Consumer spending in the United States on deal-a-day offers is likely to go from $873 million in 2010 to $3.9 billion in 2015, representing a 35.1 percent compound annual growth rate (CAGR), a new report said.

BIA/Kelsey, adviser to companies in the local media industry, said a number of variables will have an impact on the actual development of deal a day, such as growth in the number of cities/sites, registered users, transactions per year for the average user and the average price per transaction.

According to the report, deal a day could grow to as much as $6.1 billion by 2015 (47.4 percent CAGR), while a very conservative outlook pegs the space at $2.1 billion (19.7 percent CAGR).

Deal a day has experienced incredible growth during its three-year incubation period beginning in 2008, said Mark Fratrik, vice president, BIA/Kelsey. We expect this to continue as companies in the space are rapidly adding markets and increasing total user count.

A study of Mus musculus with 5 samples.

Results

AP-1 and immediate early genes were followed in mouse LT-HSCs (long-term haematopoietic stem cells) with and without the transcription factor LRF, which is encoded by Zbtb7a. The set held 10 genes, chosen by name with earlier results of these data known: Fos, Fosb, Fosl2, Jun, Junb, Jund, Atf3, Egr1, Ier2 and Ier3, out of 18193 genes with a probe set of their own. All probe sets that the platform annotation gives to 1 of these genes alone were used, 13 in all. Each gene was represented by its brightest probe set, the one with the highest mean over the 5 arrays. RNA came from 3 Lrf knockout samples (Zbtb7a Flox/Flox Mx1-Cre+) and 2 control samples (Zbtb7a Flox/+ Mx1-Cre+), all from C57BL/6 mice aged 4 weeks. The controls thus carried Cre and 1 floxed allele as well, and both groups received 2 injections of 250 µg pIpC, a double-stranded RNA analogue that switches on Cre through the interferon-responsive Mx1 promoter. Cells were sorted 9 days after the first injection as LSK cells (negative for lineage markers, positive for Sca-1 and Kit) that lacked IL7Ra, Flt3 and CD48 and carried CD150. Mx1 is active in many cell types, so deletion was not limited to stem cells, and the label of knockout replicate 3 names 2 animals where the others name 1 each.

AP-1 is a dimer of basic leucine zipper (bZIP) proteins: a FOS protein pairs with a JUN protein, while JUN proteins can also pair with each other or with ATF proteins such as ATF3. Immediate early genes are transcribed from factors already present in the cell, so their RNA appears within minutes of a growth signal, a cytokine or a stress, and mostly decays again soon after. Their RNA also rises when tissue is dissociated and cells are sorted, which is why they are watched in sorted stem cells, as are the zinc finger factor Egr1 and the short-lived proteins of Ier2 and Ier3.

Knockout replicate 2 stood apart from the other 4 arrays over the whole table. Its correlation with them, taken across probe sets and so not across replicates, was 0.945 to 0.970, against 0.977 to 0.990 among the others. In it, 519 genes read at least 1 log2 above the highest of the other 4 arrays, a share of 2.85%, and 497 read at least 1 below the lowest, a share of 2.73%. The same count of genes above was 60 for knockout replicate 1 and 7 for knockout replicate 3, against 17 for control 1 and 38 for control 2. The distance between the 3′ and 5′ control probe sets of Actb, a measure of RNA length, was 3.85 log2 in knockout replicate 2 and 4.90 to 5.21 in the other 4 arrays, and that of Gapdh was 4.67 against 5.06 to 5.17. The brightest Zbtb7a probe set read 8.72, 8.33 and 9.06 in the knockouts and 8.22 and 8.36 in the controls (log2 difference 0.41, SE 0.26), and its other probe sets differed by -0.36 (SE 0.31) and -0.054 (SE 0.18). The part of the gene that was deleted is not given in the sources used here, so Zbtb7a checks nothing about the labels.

As of March 1, BIA/Kelsey estimates there are 178 cities with deal-a-day sites reaching 102 million people in the United States.

Groupon and LivingSocial lead a marketplace of 200-plus players, while the broader field includes destination sites and white-label providers working with local media providers such as directory companies, newspapers, and radio and television operators, BIA/Kelsey said.

Peter Krasilovsky, vice president and program director, Marketplaces, BIA/Kelsey, said: We expect to see some shift in local media spending resulting from the adoption of deal a day by local advertisers. We also believe that deal a day doesn't exist in a vacuum. It will become a part of the growing deals and offers landscape.